IUCN Recommendation: Preventing electrocution and collision impacts of power infrastructure on birds | PDF

ALARMED by mounting evidence that a largely unaddressed silent epidemic of electrocution and collision of a wide diversity of birds and bats is resulting from inappropriately designed and routed electricity distribution infrastructure, with significant negative impacts on some avian populations;

CONCERNED that effects may be especially severe for apex predators and important scavengers, including globally threatened, internationally protected raptors species such as the Saker Falcon (Falco cherrug), Steppe Eagle (Aquila nipalensis), Spanish Imperial Eagle (Aquila adalberti), Egyptian Vulture (Neophron percnopterus), White-backed Vulture (Gyps africanus) and Cape Vulture (Gyps coprotheres);

AWARE that bird mortality through electrocution and collision is documented in every region of the world, with the ‘Review of the conflict between migratory birds and electricity power grids in the African-Eurasian region’ adopted by the Tenth Conference of Parties to the Convention on Migratory Species (CMS COP10), the Fifth Meeting of Parties to the Agreement on the Conservation of African–Eurasian Migratory Waterbirds (AEWA MOP5) and the First Meeting of Signatories to the CMS Memorandum of Understanding on the Conservation of Migratory Birds of Prey in Africa (CMS Raptors MoU MOS1) estimating that up to 10,000 electrocutions and 100,000s of collisions may occur per country in the African-Eurasian region each year;

FURTHER AWARE that for migratory bird species, the cumulative impacts of poorly located or poorly designed power infrastructure may be particularly significant;

TAKING INTO ACCOUNT that risks of electrocution and collision will increase with proliferation of new unsafe or poorly located infrastructure;

NOTING that bird electrocution and collision can also have direct and indirect financial and social impacts by damaging structures and disrupting power supplies;

APPLAUDING the scientific studies conducted to identify, address and tackle this problem in many countries including Hungary, Mongolia, South Africa, Spain and USA, and regional initiatives to address the issue, such as the United Nations Development Programme (UNDP) / Global Environment Facility (GEF) ‘Migratory Soaring Birds Project’ led by BirdLife International; and

RECOGNISING that guidance on good planning, as well as cost-effective, simple designs for bird-safe infrastructure and using a sensitivity mapping tool as well as methods for mitigation of existing infrastructure are readily available and effective in preventing electrocution and collision of birds while contributing to the stability of energy supplies;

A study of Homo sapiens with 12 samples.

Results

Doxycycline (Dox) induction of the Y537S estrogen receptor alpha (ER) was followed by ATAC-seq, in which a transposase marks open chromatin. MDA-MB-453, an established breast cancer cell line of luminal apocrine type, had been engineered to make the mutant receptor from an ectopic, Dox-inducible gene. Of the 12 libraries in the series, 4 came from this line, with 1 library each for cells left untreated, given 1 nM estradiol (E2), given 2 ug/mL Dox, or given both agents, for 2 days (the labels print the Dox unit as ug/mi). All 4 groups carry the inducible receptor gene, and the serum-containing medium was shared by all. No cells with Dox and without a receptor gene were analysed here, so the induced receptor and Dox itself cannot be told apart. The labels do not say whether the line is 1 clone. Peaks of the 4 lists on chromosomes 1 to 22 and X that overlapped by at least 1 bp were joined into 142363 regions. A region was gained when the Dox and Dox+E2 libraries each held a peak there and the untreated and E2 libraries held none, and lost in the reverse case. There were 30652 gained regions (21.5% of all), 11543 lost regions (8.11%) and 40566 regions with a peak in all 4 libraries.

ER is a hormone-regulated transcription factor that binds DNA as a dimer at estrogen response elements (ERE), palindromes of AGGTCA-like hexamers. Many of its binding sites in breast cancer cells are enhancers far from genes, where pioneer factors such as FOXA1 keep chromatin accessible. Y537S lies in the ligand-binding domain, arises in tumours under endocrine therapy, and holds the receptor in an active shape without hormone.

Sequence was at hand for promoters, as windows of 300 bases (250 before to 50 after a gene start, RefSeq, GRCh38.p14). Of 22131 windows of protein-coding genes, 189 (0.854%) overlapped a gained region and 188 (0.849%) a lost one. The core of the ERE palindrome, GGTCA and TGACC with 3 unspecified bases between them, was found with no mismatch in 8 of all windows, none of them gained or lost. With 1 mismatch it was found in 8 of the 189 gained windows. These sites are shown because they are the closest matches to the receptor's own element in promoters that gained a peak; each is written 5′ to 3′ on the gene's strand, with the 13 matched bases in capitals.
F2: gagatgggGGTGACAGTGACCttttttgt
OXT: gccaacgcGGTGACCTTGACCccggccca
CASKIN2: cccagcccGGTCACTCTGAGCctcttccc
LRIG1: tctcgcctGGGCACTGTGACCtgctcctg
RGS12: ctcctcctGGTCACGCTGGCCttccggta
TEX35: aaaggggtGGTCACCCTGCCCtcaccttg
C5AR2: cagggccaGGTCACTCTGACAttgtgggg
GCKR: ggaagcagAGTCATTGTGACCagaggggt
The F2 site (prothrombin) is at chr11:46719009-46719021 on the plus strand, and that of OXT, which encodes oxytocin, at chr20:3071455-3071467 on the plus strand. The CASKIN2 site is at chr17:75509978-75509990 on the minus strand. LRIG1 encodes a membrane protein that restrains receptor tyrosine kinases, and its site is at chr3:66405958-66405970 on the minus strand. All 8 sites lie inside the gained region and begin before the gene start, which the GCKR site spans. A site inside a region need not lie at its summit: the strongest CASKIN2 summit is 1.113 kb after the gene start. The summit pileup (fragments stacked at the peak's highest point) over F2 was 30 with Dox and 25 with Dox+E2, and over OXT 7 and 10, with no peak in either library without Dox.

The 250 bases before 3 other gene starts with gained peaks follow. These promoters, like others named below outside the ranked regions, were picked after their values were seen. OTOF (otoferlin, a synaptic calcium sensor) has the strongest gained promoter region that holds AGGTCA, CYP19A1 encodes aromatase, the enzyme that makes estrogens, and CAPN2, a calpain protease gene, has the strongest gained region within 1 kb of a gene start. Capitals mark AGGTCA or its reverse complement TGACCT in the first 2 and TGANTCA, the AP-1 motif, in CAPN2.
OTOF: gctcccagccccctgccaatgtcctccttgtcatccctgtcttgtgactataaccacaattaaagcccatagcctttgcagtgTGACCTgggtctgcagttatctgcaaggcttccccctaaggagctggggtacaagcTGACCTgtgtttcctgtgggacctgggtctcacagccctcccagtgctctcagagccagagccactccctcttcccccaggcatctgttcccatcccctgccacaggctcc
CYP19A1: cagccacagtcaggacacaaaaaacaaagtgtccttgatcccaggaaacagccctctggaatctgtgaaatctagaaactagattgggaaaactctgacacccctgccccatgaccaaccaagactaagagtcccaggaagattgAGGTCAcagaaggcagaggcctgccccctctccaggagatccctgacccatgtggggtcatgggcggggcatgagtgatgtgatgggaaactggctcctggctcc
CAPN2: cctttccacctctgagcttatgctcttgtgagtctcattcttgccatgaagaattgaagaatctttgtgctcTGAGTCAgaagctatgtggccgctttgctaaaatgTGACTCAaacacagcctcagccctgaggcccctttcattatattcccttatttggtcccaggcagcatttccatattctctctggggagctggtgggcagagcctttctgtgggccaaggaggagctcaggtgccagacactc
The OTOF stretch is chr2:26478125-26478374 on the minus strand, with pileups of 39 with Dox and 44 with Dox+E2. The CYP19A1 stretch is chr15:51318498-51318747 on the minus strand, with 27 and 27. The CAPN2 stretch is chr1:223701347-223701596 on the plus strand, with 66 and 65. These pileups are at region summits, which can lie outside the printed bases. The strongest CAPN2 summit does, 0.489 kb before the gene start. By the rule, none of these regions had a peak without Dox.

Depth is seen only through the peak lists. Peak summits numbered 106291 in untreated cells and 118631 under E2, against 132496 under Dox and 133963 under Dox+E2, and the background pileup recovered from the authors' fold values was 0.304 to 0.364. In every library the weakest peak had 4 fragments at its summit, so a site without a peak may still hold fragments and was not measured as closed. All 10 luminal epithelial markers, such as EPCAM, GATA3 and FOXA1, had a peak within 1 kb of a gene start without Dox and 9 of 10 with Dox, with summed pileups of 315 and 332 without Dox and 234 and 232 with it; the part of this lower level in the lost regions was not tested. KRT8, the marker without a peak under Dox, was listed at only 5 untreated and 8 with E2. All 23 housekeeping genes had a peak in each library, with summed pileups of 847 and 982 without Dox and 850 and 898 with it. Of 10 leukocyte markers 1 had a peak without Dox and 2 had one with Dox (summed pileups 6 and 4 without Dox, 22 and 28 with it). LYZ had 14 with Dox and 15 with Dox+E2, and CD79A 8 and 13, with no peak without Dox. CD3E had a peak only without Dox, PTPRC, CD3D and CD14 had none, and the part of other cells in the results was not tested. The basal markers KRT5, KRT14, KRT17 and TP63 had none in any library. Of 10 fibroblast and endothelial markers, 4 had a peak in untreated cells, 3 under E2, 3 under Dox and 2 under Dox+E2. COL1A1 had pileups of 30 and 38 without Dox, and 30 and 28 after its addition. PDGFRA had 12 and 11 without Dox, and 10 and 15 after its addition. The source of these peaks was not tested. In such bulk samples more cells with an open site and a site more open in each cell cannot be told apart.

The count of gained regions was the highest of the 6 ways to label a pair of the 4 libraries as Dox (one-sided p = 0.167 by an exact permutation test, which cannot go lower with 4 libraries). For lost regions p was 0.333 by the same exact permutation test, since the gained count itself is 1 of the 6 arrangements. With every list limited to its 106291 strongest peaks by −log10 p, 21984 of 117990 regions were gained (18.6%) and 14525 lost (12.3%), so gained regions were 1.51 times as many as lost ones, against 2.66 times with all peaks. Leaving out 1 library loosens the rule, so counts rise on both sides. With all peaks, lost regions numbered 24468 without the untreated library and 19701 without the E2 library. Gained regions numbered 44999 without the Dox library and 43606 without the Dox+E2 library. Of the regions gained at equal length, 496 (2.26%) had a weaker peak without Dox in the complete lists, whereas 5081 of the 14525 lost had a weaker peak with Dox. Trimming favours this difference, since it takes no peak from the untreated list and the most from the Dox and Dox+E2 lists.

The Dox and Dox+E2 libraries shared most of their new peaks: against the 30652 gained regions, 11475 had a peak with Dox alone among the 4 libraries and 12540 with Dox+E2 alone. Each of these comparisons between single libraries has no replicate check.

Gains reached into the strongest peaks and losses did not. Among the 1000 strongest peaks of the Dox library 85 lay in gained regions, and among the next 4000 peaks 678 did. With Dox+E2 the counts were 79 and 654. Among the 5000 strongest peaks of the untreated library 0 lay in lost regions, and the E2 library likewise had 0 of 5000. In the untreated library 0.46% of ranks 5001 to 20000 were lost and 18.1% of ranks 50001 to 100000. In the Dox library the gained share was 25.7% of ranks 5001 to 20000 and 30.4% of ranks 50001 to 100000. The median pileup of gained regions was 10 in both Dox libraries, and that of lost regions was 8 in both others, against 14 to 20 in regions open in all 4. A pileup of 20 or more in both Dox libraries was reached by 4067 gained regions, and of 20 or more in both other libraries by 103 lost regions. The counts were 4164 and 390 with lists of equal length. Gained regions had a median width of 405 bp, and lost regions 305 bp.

The World Conservation Congress, at its session in Hawai‘i, United States of America, 1-10 September 2016:

1. CALLS UPON governmental bodies and power companies to work together and to ensure that all new and where possible existing power infrastructure complies with measures to prevent bird electrocution and collision;

2. RECOMMENDS the use of available multi-language guidance adopted by CMS COP10, AEWA MOP5 and CMS Raptors MoU MOS1, as well as BirdLife International’s sensitivity mapping and guidance on this issue;

3. URGES adequate environmental assessments (Strategic Environmental Assessment –SEA, Environmental Impact Assessment –EIA) for any planned electricity infrastructure to avoid sensitive areas and to identify, and mitigate through location, bird-safe design and construction measures, potential electrocution and collision impacts on birds;

4. FURTHER CALLS UPON responsible financial institutions to adopt appropriate policies to ensure that power companies are required to minimise impacts on birds through planning to select appropriate locations, to implement adequate EIAs, to utilise safe designs and to employ effective monitoring as part of the terms of funding;

5. FURTHER CALLS UPON research institutions to develop methods and designs to mitigate the impacts of such incidents on migrating birds and assess these methods and designs appropriately;

6. URGES relevant governmental bodies, power companies, financial institutions and other stakeholders to liaise with each other, and with the Secretariat and Energy Task Force of the CMS to ensure that existing and planned infrastructure which is harmful to birds is identified and is subject to urgent remediation, which has no adverse ramifications for other wildlife, with monitoring, including monitoring of vulnerable species at national and international level, to measure effectiveness; and

7. COMMENDS countries and organizations, including power utilities, which are funding research and implementing remediation measures.